Let me start off by saying that I adore my readers. I am in love with any person who takes time out of their schedule to pick up one of my stories and spend even the shortest amount of time in my worlds with my characters. As an author I love reviews, I love hearing about what you liked and even what you didn’t like about my stories, because most of the time we’re on the same page. But when your reviews become punishments for your personal preferences (the story wasn’t long enough, it wasn’t written in a style I liked, the woman on the cover is too light-skinned etc), they become a problem that affect me as an author and you as a reader of my future work.
Reviews are lifeblood for authors. They effect algorithms that put our books in front of more people and they give you, the reader, a voice when it comes to our work. But in this age of social media and being able to anonymously vomit opinions onto the internet, it’s becoming a trend to mindlessly bash, attack and demean authors and their work via “reviews”. Which is not okay, especially if you LIKE said work.
Yes, a review, whether positive or negative is your right as a reader to leave. But not reading descriptions and going on to leave off-base negative reviews on work that someone slaved over is just plain wrong. If you’re going to leave a review, at least have an informed opinion about the product. Because while it may have taken you ten seconds in a fit of anger to write, it will haunt and affect that authors career and future work for a lifetime. Let’s put it this way: if you worked hard on building a toaster and I told people not to buy it (by leaving a one star review) because it wasn’t a refrigerator, you would probably be upset.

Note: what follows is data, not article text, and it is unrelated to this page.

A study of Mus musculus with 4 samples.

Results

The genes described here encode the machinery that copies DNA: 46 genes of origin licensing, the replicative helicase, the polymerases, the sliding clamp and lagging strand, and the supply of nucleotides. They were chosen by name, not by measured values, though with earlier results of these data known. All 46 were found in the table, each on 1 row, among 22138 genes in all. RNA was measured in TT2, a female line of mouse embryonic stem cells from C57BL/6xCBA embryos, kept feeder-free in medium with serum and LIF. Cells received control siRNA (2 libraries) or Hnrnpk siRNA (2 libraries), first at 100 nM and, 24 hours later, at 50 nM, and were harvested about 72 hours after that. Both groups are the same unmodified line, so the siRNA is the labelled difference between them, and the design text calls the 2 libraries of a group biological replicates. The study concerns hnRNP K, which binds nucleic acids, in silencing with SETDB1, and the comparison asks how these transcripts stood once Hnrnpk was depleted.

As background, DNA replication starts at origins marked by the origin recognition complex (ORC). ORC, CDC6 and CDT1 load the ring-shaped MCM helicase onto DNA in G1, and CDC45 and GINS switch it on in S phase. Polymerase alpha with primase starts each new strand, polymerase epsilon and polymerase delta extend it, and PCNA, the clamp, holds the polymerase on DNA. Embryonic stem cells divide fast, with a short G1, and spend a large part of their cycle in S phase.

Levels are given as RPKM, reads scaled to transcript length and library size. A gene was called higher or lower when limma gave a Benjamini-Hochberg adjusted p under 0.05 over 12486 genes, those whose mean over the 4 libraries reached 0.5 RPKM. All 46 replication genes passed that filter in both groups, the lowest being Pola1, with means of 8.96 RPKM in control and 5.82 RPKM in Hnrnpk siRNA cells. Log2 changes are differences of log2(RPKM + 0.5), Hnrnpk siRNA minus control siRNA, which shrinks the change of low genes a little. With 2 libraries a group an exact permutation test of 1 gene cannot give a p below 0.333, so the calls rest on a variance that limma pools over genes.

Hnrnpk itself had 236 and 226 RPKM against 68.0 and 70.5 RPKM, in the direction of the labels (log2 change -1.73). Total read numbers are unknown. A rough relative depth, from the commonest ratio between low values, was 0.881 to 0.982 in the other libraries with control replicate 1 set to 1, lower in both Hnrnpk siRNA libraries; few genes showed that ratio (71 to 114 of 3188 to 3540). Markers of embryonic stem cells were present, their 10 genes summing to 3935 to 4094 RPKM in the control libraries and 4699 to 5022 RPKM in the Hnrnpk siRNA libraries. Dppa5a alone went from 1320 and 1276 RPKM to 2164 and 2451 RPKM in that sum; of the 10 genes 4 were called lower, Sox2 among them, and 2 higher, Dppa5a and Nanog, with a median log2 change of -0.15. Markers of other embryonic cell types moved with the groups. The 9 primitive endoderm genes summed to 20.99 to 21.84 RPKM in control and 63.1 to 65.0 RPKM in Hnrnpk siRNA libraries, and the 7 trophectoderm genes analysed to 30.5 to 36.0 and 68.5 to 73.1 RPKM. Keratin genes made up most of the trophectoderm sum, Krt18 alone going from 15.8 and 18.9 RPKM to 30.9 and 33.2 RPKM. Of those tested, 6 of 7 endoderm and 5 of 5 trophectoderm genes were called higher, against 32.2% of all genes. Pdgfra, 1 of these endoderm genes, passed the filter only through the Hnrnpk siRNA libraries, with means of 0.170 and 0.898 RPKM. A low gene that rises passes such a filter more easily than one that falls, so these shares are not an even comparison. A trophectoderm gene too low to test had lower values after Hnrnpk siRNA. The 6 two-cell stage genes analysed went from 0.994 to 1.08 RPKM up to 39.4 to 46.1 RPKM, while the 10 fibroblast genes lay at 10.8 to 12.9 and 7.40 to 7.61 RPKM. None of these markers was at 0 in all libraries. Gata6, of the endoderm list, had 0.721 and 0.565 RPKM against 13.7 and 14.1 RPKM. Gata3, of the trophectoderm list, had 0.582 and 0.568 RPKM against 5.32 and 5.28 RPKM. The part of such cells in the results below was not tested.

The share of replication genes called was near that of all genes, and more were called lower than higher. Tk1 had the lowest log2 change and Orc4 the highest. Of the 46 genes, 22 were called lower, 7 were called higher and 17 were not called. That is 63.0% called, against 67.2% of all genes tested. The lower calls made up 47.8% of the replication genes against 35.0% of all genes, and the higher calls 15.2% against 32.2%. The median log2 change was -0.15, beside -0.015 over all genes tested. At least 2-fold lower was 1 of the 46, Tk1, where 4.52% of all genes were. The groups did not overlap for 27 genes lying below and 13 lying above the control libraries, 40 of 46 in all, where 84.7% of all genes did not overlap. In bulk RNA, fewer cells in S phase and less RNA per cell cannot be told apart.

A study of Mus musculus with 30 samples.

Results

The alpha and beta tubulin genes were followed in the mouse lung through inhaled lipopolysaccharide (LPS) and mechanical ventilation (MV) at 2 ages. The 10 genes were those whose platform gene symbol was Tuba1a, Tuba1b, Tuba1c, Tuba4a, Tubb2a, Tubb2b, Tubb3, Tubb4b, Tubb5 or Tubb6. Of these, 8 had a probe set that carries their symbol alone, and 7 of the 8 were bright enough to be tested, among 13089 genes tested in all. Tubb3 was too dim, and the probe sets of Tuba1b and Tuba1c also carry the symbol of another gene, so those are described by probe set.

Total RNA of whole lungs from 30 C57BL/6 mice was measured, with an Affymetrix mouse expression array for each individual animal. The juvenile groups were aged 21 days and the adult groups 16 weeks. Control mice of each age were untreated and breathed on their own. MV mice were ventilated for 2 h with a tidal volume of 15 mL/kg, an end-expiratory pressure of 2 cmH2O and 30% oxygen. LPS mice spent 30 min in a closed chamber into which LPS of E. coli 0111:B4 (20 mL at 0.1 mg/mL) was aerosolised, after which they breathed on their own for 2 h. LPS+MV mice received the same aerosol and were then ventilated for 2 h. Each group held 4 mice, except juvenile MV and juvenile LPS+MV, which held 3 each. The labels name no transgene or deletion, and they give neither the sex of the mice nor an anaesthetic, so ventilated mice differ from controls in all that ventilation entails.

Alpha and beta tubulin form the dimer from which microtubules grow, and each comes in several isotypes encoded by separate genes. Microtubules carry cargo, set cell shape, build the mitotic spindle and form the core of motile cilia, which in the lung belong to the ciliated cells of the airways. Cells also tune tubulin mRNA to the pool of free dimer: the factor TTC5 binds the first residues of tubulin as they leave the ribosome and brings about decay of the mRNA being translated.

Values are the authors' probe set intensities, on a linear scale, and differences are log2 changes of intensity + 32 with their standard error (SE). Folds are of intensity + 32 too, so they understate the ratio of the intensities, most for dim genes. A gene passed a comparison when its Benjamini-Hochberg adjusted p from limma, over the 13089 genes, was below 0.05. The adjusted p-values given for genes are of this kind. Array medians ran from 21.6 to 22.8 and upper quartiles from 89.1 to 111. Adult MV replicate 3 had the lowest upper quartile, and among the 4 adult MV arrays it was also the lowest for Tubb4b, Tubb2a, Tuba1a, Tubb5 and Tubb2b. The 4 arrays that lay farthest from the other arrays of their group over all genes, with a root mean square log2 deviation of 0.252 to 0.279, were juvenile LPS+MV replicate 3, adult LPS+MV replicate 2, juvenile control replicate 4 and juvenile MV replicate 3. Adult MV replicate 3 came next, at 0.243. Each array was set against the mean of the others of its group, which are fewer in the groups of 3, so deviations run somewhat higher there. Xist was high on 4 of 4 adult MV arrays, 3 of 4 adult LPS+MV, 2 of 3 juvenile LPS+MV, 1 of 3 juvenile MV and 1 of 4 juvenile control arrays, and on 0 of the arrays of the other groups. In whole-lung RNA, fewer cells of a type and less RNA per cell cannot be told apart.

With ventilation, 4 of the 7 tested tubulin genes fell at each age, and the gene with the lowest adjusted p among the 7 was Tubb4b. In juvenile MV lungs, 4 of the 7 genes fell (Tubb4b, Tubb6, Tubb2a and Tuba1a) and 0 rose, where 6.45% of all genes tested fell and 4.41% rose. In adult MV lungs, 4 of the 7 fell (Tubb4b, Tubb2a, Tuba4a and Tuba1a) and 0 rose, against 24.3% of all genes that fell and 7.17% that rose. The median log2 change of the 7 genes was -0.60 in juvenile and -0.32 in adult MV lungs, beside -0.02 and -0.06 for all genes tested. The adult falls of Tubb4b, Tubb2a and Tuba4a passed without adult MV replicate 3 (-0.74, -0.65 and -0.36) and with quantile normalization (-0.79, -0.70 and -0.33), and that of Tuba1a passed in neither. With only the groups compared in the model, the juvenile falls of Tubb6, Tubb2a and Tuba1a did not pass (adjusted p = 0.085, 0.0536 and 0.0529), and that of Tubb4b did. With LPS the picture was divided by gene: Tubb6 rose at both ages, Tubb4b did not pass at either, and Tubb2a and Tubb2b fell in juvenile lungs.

Take for example my most recent Dragon God Erotic series. It’s my first real foray into the erotic short hemisphere and I genuinely enjoyed writing these four short stories. That being said, plenty of people are responding positively to them as well. Like all erotic stories they are meant to tease, to stir up emotion and get the blood pumping. They’re not really something you sink your teeth into story wise. But I pride myself on my world building and my character creation which means you’re going to get a bit of both in anything I write. Even if it’s only 8k words. And most of my readers new and old understand that.
Except for a few reviewers who don’t seem to get that they are not full length novels. I use the description and the “from the author” section of the amazon page to explain that they are indeed short stories. Amazon even has a handy little section beneath the description that tells you the page length of kindle books. You have plenty of warning before you buy and start reading the work. You even have the option of refunding the title.
That being said, why leave a negative review behind on a story that you admittedly like but want to see more of? That’s really not going to make me, or any author want to keep putting themselves in a position to be exposed to such devastation. And it’s not going to help the stories you love see continuations or expansion either. Quite the opposite, actually.
I said all of this to say that, reviews are wonderful things, ESPECIALLY when they are scathing and pointing out every plothole, annoying character, flaw and instance of purple prose. But when they are used simply to lash out at an author, to punish them because something didn’t go your way, they’re really affecting us both negatively. So I implore you, be constructive, but think before you review.